The climate crisis is heating up the planet like never before. Residents of Portland, Oregon felt record-breaking heat in June 2021 when temperatures reached 116 degrees Fahrenheit, and in July, Lytton, B.C. broke a record when temperatures soared to 121.3F.
The United Arab Emirates often sees similar temperatures, along with very little rainfall – an average of fewer than four inches annually, resulting in droughts. Now, weather-controlling drones could help to combat this deadly water shortage.
Cloud seeding success
The UAE has invested $15 million in nine different rain-enhancement projects – one of which is the rain-controlling drones engineered by the University of Reading. The drones don't create rain themselves but help to jump-start rain production via cloud seeding. They "zap" the clouds with an electric charge, subsequently charging the droplets inside. Since the beginning of 2021, the National Center of Meteorology (NCM) has conducted 126 instances of cloud seeding.
"What we are trying to do is to make the droplets inside the clouds big enough so that when they fall out of the cloud, they survive down to the surface," explained Keri Nicoll, one of the core investigators on the project.
The technique has successfully created rain over Dubai and has even resulted in safety warnings for drivers over slippery roads.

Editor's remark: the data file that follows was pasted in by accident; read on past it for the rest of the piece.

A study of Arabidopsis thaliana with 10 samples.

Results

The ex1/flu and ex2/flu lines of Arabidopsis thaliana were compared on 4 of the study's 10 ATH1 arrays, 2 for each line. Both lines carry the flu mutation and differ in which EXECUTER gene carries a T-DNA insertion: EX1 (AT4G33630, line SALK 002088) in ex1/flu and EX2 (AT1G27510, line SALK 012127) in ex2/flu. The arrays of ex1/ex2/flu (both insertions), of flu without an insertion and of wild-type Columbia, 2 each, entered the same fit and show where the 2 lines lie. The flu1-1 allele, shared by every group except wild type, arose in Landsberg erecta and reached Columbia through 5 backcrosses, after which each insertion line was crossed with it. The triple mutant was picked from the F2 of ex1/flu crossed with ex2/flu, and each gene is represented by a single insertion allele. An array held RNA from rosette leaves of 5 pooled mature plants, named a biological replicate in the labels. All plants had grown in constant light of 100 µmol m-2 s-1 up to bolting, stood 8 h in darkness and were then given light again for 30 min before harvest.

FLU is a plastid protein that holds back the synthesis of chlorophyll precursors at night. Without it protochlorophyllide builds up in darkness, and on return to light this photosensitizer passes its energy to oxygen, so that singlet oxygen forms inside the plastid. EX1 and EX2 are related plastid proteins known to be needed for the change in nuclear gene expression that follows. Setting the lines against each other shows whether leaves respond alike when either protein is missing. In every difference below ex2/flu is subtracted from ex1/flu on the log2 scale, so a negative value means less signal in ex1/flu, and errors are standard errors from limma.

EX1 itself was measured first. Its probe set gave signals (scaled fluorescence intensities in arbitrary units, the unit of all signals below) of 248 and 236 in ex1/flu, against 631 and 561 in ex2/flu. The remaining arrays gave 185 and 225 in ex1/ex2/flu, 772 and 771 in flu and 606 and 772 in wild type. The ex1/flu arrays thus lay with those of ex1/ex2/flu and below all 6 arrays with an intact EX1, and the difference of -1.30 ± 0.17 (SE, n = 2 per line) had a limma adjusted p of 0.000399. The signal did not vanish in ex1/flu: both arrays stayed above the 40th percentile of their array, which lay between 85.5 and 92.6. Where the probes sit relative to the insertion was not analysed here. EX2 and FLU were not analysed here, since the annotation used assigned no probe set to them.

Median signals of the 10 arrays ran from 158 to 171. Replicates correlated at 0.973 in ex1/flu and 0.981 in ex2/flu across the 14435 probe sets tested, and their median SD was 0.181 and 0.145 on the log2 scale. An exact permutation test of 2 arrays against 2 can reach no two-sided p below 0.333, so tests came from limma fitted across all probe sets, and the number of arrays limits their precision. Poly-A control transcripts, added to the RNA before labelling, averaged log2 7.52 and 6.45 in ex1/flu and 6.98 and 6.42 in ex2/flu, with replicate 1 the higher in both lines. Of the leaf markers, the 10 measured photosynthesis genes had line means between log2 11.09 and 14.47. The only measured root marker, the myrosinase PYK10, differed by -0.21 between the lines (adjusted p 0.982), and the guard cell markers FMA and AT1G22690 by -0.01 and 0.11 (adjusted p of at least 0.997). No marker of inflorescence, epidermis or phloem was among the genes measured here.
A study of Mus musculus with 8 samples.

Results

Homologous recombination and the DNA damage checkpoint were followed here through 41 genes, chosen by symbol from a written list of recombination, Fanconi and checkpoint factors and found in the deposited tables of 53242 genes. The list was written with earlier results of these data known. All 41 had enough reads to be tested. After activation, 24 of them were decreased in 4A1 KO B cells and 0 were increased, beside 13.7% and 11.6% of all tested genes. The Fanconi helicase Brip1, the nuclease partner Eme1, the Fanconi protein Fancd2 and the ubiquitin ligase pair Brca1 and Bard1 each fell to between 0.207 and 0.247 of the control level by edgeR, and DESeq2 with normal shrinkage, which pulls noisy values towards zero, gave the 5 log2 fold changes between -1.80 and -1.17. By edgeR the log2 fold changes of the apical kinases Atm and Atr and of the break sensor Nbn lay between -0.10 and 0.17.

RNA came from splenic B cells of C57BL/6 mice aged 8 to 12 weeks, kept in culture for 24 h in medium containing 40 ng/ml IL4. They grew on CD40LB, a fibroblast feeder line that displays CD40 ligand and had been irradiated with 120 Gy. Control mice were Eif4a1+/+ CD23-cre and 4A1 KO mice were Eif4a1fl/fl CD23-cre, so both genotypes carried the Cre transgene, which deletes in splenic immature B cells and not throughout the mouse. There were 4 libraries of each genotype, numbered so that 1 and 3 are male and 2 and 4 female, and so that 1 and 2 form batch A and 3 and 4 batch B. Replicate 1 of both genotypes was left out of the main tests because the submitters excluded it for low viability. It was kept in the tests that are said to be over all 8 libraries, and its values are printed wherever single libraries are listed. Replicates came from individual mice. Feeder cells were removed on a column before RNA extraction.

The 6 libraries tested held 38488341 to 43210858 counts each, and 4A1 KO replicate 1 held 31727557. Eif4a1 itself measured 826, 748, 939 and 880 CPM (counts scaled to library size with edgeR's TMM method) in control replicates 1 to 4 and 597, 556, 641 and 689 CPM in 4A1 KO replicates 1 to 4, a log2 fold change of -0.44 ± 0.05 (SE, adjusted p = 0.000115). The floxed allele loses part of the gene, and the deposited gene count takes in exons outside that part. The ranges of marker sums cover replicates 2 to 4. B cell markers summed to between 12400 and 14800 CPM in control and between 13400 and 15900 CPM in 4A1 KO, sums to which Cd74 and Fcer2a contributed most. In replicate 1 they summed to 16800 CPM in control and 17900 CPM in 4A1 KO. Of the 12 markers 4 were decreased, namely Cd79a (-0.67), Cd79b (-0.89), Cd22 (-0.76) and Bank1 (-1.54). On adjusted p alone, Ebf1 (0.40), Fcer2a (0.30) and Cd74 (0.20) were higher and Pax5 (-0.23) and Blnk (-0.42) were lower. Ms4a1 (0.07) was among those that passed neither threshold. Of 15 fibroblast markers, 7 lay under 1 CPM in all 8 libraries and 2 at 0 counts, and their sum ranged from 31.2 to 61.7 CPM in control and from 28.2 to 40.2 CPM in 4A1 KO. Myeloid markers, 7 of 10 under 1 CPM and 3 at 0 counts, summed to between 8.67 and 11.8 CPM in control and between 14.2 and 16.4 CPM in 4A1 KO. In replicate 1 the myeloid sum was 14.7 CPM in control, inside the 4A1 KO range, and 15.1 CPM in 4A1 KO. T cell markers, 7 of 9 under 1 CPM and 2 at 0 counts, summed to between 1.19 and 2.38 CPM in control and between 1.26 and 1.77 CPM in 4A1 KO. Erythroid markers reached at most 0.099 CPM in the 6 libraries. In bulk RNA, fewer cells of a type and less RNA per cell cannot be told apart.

Of course, not everyone believes it's a good idea to mess with natural weather patterns. Some experts argue that the cloud seeding technique is resulting in dangerous flooding. Sufian Farrah, meteorologist and cloud seeding expert at the NCM, doesn't agree, though. “We only enhance the amount of rain; we are not creating floods. Even some clouds we avoid seeding, because it would be too dangerous for the aircraft to penetrate them," he explained to Wired.
Still, the technique can result in other potential dangers. In addition to cloud seeding with electrical charges, the UAE – and other areas of the world – also use chemicals to generate rain. Professor Linda Zou, for example, developed a new aerosol material for use in cloud seeding using salt crystals coated in titanium dioxide nanoparticles. The material is currently being tested in the U.S.
While scientists are optimistic about the material's impact on rain, titanium dioxide nanoparticles’ are classified as “possible carcinogens" to humans” by the World Health Organisation’s International Agency for Research on Cancer.
As we continue seeing headlines about "once-in-a-lifetime" weather events week after week, we will likely also continue seeing innovative engineering solutions used to combat their effects. Keep an eye out for drones, and don't forget an umbrella.